The non-Western world is   desperately working   to unseat the United States dollar, also known as the Federal Reserve note, from being th...

 The non-Western world is desperately working to unseat the United States dollar, also known as the Federal Reserve note, from being the chief international reserve currency.

Led primarily by Russia and China, efforts to replace the dollar with something else have never been closer to coming to fruition. And once that happens, it is game over for Western dominance over world affairs.

“From diminishing the prevalence of non-dollar transactions to reducing dollar holdings in foreign exchange reserves, states are employing measures to erode the buck’s influence in worldwide trade,” reports Andrew Moran for The Epoch Times about how the East is taking steps to unseat the U.S. as the global superpower.


Will BRICS introduce a multi-currency global financial system to replace dollar dominance?

According to Jim O’Neill, a former chief economist at Goldman Sachs, the BRICS countries, which include not just Russia and China but also Brazil, India, and South Africa, need to expand their presence if they hope to beat the dollar into submission.

“The U.S. dollar plays a far too dominant role in global finance,” O’Neill maintains. “Whenever the Federal Reserve Board has embarked on periods of monetary tightening, or the opposite, loosening, the consequences on the value of the dollar and the knock-on effects have been dramatic.”

If the BRICS pact currently in formation continues to grow, there is a good chance that eventually a new multi-currency global financial system will emerge. This would relegate the United States to become just another country in the world order as opposed to the leader of the current one.

Russia seems fully on board with the idea, as its deputy chairman of the state Duma Alexander Babakov spoke openly in favor of it at a recent St. Petersburg International Economic Forum event in New Delhi, India.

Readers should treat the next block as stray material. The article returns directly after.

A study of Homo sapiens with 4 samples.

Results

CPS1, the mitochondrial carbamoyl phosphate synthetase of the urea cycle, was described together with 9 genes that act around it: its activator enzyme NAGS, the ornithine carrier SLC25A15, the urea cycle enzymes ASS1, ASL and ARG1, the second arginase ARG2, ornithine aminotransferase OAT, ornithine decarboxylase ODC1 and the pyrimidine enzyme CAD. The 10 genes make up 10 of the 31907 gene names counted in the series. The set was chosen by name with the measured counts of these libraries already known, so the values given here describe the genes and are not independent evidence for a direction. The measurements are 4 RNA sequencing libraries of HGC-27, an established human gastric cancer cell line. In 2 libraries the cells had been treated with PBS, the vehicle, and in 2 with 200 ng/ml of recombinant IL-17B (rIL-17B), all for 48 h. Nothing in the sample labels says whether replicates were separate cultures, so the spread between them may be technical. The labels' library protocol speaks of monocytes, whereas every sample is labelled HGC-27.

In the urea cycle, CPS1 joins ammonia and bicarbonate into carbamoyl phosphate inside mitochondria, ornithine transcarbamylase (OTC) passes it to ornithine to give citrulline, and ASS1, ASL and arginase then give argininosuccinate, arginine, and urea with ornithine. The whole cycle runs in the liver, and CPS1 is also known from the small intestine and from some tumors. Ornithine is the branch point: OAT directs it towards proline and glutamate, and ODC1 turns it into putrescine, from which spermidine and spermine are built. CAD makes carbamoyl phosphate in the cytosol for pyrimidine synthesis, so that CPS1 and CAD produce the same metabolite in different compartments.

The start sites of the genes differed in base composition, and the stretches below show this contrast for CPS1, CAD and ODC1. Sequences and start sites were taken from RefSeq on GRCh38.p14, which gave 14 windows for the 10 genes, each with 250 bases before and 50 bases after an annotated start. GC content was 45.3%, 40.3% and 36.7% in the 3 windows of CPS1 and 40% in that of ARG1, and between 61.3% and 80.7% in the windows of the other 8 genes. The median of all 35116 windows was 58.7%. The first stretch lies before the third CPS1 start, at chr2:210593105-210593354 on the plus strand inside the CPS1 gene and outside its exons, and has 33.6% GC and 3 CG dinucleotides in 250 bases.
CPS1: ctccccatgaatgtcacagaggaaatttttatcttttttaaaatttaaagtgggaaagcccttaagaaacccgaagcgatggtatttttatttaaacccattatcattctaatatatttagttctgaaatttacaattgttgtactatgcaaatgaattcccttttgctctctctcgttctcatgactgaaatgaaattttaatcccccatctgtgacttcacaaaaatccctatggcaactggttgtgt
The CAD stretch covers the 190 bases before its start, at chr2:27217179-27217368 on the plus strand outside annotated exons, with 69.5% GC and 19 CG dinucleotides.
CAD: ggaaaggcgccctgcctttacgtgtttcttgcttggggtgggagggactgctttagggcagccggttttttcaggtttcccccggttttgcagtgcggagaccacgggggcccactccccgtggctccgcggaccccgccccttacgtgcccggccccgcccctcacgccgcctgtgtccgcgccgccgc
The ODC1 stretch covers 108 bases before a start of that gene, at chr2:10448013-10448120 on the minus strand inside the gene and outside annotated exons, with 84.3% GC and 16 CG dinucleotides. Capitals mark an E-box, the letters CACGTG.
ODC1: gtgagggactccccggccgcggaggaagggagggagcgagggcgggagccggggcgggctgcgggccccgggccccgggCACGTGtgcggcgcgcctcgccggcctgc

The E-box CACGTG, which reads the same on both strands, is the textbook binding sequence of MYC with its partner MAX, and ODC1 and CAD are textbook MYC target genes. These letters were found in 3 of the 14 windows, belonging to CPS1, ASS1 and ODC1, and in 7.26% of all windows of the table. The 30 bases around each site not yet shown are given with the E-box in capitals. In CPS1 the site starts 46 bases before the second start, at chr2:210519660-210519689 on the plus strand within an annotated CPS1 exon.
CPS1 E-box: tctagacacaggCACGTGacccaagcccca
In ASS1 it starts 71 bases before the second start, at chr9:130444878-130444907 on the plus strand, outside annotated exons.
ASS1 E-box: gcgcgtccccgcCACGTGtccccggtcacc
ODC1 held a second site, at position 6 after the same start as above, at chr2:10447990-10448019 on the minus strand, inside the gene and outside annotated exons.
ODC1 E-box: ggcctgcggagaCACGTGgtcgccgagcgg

“Its composition should be based on inducting new monetary ties established on a strategy that does not defend the U.S.’s dollar or euro, but rather forms a new currency competent of benefiting our shared objectives,” Babakov said.

This upcoming summer, South Africa is scheduled to host the 15th annual BRICS summit from August 22-24. There, Putin is likely to expand upon his previous announcement from last year about efforts to create “the international reserve currency based on the basket of currencies of our countries.”

“I would like to stress that the Russian strategy does not change: while strengthening our economic, technological and scientific potential, we are ready to openly work with all fair partners on principles of respect to interests of each other, unconditional supremacy of international law, and equality of countries and peoples,” Putin said.

There does not need to be an actual currency basket ready right now in order for these countries to compete against the dollar. Over the past year, there have already been numerous instances in which BRICS countries have engaged in cross-country trade using other currencies such as the yuan, the ruble, and others.

All of this really started to take shape back in May 2014 when China and Russia signed the Agreement on Cooperation, which started the process of BRICS undercutting the dollar’s position at the top of the currency mountain. And things have only accelerated on this front ever since Russia invaded Ukraine.

“Before the war broke out, ruble-yuan trade volumes were non-existent,” the Times reported. “Since then, however, bilateral ruble-yuan trade volumes have skyrocketed, touching as high as $200 billion at the end of 2022.”